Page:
Then and Now: Religious Freedom and Liberty

Historian and author Frank Lambert tackles a question that comes up often: What did the founders really think about religion? In this conversation from our archives with Maureen Fiedler, we interrogate the myths and dive into the historical context that influenced the architects of our first freedoms. Then we meet the leader of an organization that has worked to protect the separation of church and state since 1936 – Amanda Tyler with the Baptist Joint Committee for Religious Liberty. She connects Baptist history to modern-day advocacy, explaining why some faith leaders are devoted to preserving religious liberty for themselves and their neighbors.

“No matter how we pray or where we come… we lament”
The lamentation took place outside the Supreme Court on June 24, 2022, when the nation’s highest court overturned Roe v. Wade. While some celebrated from pulpits, a group of women religious leaders organized by Faith in Public Life gathered online to share reflections, grieve and bring attention to the group most impacted: women of color and low-income women living in states with no access to abortion care.

“They said we really don’t want religion and the federal government to mix”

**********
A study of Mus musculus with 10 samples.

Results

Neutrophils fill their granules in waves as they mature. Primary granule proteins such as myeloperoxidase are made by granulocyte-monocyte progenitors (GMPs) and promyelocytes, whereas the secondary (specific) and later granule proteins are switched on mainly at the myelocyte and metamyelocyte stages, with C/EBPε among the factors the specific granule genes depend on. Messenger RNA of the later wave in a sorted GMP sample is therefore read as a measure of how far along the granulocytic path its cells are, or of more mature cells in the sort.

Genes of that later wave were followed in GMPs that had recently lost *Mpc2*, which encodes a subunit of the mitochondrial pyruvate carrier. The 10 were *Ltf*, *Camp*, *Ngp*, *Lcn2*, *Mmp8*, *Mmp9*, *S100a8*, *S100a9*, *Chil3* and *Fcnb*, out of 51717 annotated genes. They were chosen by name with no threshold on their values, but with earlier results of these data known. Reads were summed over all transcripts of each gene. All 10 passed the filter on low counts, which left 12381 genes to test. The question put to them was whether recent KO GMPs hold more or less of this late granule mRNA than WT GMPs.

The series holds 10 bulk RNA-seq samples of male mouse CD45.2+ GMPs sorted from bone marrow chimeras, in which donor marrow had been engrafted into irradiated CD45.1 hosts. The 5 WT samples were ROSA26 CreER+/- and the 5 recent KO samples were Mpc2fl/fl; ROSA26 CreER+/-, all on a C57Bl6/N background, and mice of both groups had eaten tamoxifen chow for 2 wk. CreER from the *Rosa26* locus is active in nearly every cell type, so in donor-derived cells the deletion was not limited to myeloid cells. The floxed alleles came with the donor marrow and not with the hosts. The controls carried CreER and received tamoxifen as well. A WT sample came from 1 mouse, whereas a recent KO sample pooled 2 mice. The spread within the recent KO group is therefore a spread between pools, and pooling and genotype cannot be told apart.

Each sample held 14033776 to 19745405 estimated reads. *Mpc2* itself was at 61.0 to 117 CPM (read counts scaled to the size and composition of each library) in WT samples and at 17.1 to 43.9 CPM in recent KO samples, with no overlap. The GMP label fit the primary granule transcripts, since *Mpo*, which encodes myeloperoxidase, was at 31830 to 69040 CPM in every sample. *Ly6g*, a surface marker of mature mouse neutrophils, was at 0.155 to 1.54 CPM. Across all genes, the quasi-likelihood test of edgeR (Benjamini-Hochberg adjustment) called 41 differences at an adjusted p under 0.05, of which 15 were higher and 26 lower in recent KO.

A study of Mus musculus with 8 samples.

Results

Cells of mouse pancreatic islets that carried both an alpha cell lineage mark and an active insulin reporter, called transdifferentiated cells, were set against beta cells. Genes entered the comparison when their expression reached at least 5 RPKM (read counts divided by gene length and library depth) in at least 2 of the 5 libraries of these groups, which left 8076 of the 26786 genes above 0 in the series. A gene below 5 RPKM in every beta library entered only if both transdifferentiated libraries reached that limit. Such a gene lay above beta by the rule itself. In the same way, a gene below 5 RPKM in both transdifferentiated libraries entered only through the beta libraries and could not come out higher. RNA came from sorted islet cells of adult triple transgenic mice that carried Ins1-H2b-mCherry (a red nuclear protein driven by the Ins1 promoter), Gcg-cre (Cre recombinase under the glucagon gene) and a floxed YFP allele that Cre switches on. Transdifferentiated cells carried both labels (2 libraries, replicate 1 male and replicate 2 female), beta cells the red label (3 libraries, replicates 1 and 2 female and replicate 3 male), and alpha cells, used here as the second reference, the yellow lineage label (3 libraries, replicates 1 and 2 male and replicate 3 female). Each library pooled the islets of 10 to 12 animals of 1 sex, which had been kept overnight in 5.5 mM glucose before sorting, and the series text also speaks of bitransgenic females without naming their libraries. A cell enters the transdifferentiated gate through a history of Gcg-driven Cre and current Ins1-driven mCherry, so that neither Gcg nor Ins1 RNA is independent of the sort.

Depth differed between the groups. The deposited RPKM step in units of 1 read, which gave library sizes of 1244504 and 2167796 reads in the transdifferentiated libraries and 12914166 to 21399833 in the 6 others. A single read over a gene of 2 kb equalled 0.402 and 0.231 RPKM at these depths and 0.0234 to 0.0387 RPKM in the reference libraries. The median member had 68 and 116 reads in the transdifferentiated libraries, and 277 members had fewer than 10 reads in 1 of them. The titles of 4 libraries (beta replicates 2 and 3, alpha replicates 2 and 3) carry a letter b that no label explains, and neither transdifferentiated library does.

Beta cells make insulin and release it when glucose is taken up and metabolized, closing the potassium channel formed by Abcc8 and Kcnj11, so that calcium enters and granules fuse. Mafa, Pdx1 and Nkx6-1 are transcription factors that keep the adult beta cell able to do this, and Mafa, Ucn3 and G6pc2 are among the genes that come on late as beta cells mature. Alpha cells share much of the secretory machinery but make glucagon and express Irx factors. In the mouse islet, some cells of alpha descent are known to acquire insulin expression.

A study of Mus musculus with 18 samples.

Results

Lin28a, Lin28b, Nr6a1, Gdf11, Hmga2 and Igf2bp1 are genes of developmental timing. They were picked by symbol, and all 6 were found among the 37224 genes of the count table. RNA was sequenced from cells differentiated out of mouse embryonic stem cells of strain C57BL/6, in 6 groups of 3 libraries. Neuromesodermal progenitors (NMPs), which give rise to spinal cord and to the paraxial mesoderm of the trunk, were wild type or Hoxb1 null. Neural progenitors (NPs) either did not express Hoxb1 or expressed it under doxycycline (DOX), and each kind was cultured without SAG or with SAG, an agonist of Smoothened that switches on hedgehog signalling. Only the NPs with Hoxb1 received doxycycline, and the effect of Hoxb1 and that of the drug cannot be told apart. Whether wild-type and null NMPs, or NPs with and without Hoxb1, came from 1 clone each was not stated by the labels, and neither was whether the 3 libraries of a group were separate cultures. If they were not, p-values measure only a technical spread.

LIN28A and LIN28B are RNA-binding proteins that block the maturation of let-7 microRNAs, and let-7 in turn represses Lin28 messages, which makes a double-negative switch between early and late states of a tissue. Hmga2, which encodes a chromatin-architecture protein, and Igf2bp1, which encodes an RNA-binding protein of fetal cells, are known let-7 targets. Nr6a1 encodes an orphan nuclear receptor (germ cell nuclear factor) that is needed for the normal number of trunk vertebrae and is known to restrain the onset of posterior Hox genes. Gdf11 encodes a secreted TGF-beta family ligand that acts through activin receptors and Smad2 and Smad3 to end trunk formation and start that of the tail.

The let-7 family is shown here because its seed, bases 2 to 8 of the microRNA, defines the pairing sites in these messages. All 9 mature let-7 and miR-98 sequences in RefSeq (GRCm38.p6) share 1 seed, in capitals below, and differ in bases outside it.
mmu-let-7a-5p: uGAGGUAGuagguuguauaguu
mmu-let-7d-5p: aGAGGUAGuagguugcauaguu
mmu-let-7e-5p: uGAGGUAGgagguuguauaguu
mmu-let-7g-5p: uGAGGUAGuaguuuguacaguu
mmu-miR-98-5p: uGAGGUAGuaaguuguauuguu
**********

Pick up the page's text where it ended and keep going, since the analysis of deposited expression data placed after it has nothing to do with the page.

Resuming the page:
Purdue University History Professor Frank Lambert joins Maureen Fiedler to talk about the popular myths surrounding the nation’s Founding Fathers when it comes to religion. They dive into the historical events that influenced the founders’ rationale behind creating a system of checks and balances on authority, including a growing public distrust of religious leaders and institutions. From the first Great Awakening to sectarian divisions and conflicts in the early colonies, Lambert suggests the perceptions circulating today are rooted in contemporary “culture wars” rather than history.

“We Cannot Rely on the United States Supreme Court to Protect Our Rights”
Baptists are a diverse group and that is in some ways most evident in the advocacy around issues of church and state. While Brent Leatherwood of the Southern Baptist Convention’s Ethics and Religious Liberty Commission welcomed the Supreme Court’s decisions on church and state matters, the Baptist Joint Committee for Religious Liberty leader sounded alarms. Sharing a point of view rarely heard in the public conversation, the group’s executive director Amanda Tyler offers context and history for her advocacy and the organization’s reaction to rulings that open the door for greater entanglement between religious groups and government.